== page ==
Silverton

Day 29, 8/5
Miles: 10.6
Mileage: 400.1 – 410.7

The alarm goes off at 6am, and I wake to the sound of rain hitting hard on the tent walls. What? Rain at 6am? What is going on? Squat and I grumble to each other about the rain and how there’s no way were gonna pack up in this, then I reset the alarm for 6:30, hoping it’s cleared up by then.

It’s still raining a half hour later. WHAT? Now I’m even more confused and irritated. I don’t mind rain in the night while we sleep, I don’t even really mind rain in the afternoon while we walk, but rain in the morning while we pack up? All our stuff getting wet right away and staying wet until the night? No thanks. I’m going back to sleep. Besides, we only have a 10 mile walk into town today.

We finally decide to get up around 9, when the rain has finally subsided, and we’re walking at 10. This is the latest we’ve ever started besides the day we got lazy and walked 12 leisurely miles with Jody and Mikey. But guess what? We don’t care! It’s town day! Anything goes on town day!

We walk the 5 miles down the rest of the descent to just below 9,000 feet, the lowest we’ve gotten since…. The beginning? We meet a man on an overnight trip who offers us a ride to Silverton from the trailhead. I chat with him while walking down, and the miles pass by quickly. When Squat and I get to the bottom and begin our 5 mile ascent to Molas Pass, we’re about 5 minutes in front of the guy, Kyle, who’s stopped for lunch, and suddenly my competetive/speedy nature kicks in and I make a quick decision: I’m going to race myself up this hill as fast as I can go, and no one, I mean no one, will catch up to me. I’m gonna kill this mountain.

Up I go.

I walk fast, very fast, up this hill. The first 2 1/2 miles are steep and have continual switch backs, taking me up almost 2,000 feet. This is the part I’m most concerned about dominating, and I decide I’m gonna check the time when I reach the top of this steepest section, then I’ll steady my pace out a bit for the remainder of the miles. 47 minutes later I’m at the top of my 2 1/2 mile climb. I feel good. I just f***ing killed this climb! I do the math and figure out that I’ve walked over 3mph up this fairly steep, long set of switchbacks. Damn I’m good, I think to myself.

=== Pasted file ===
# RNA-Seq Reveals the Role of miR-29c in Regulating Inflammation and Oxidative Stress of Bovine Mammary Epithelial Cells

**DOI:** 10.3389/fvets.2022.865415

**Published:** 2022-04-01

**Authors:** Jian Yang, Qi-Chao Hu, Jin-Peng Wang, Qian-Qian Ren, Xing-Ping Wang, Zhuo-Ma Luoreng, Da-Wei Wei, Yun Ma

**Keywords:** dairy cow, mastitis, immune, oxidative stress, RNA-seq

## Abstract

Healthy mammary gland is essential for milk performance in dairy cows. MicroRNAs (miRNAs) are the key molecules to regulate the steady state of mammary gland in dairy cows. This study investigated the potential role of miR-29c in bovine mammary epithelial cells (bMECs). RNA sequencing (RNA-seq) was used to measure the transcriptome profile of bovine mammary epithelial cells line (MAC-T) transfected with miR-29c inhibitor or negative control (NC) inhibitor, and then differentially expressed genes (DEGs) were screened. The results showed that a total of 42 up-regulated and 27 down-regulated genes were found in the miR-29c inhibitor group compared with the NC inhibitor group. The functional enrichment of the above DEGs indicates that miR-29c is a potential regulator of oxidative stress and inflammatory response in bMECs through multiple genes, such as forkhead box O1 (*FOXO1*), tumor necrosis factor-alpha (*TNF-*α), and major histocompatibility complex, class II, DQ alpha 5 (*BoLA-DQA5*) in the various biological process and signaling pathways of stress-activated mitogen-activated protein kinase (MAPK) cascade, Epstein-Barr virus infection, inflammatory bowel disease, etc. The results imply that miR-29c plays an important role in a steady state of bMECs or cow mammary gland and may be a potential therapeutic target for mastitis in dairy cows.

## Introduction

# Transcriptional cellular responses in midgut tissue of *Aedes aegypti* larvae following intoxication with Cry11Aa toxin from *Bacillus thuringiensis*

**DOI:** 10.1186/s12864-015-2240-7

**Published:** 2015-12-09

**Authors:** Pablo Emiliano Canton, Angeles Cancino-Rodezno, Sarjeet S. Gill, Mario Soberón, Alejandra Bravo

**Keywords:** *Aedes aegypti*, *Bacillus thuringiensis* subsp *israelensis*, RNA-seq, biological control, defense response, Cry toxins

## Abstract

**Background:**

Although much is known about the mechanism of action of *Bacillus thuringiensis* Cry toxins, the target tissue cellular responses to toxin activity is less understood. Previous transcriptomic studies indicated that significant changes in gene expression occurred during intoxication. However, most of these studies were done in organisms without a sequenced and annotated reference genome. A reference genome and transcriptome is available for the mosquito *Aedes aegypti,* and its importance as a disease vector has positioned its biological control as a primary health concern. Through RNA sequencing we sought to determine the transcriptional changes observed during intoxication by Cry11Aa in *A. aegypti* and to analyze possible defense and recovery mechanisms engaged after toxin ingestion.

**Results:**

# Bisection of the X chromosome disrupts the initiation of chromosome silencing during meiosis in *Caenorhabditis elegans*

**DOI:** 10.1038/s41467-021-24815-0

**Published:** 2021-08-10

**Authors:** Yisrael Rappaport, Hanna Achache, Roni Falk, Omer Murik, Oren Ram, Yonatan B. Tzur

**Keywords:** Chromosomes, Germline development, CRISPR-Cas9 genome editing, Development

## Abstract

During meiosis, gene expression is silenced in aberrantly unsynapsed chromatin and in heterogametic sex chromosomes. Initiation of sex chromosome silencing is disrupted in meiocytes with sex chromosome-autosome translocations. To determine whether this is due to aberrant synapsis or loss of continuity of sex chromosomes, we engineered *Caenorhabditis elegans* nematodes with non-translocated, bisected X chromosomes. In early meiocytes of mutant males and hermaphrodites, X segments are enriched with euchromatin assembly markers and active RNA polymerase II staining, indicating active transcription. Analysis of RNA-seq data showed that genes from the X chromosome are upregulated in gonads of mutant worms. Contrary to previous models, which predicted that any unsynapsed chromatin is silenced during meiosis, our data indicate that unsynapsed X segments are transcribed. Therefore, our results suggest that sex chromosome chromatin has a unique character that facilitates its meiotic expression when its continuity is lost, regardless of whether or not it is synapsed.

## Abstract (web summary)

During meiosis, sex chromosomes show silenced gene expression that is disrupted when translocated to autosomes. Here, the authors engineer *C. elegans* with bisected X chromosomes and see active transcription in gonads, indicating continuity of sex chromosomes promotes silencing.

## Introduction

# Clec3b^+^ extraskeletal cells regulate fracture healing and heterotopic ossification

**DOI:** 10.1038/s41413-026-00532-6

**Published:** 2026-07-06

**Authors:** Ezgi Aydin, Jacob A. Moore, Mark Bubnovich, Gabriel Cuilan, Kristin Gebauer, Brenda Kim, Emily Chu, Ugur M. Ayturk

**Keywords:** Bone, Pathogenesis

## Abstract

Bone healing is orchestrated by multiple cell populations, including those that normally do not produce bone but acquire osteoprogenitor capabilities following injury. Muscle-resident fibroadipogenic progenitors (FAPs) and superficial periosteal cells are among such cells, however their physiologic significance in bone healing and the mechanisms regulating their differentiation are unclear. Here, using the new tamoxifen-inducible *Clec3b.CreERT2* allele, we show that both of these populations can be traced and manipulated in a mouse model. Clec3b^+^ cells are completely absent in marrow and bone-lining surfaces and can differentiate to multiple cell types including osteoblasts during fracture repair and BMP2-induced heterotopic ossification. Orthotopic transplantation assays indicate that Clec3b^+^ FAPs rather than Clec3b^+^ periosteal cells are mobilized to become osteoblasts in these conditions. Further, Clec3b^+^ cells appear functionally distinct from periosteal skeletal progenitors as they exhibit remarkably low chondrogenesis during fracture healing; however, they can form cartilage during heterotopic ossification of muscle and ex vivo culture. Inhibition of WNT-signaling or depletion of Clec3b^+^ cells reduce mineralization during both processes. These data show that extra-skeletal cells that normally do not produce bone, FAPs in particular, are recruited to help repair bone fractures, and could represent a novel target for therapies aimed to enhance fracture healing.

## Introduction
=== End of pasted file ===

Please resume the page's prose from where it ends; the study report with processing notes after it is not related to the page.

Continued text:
Once my pride diminishes I slow down my pace to a normal, more enjoyable hiking speed, and I walk the rest of the way to the parking lot at Molas Pass. Kyle shows up in his car five minutes later- apparently he was parked at a different trailhead- and we sit and chat and wait for Squat to show up. It’s a beautiful day, the sun is still shining at 2pm. And we’re about to be in Silverton! Our last town stop before Durango! I’m happy. In fact, I’m overflowing with joy. What an amazing life I’m living! I think again, for the thousandth time. What an incredible trip this has been! I don’t want it to end.

We make it to a Silverton, get dropped off at the grocery store, walk in and instantly grab a donut out of the donut case, scarf it down in two minutes or less, then go pay for it. We make our way down the street to the Brown Bear Cafe, as recommended by the grocery clerk, where we both order a deluxe cheeseburger- three kinds of cheese- a dream come true.

We hadn’t planned on staying at the hostel. We’re running out of money. All we really want is a shower and to wash some clothes in the sink, throw our garbage away, wash our pan. The hostel owner is so awesome though that she talks us into camping out back for 15 bucks, which includes access to the house and showers and everything we might need. We’ll take it!

I shower and clean up, wash my clothes in the shower with me, do other boring chores, talk to the other people at the hostel, hang out with Jan, the hostel owner. She’s awesome. We dub her our hostel mom. She says we both look like we’re not a day over 15, and I tell her I’ve gotten that a lot on this trip- something about nature must be keeping me young forever- I’m happy about that.

I love staying in hostels, I love meeting so many awesome people and having new friends surrounding me in every direction. I chat my way through the evening and stay up until past my bedtime, about 10, sitting in the kitchen talking to an “extended stay” guy about the town and about Colorado. I’m going to live in Colorado soon, I know I will. I love it here. It already feels like my home.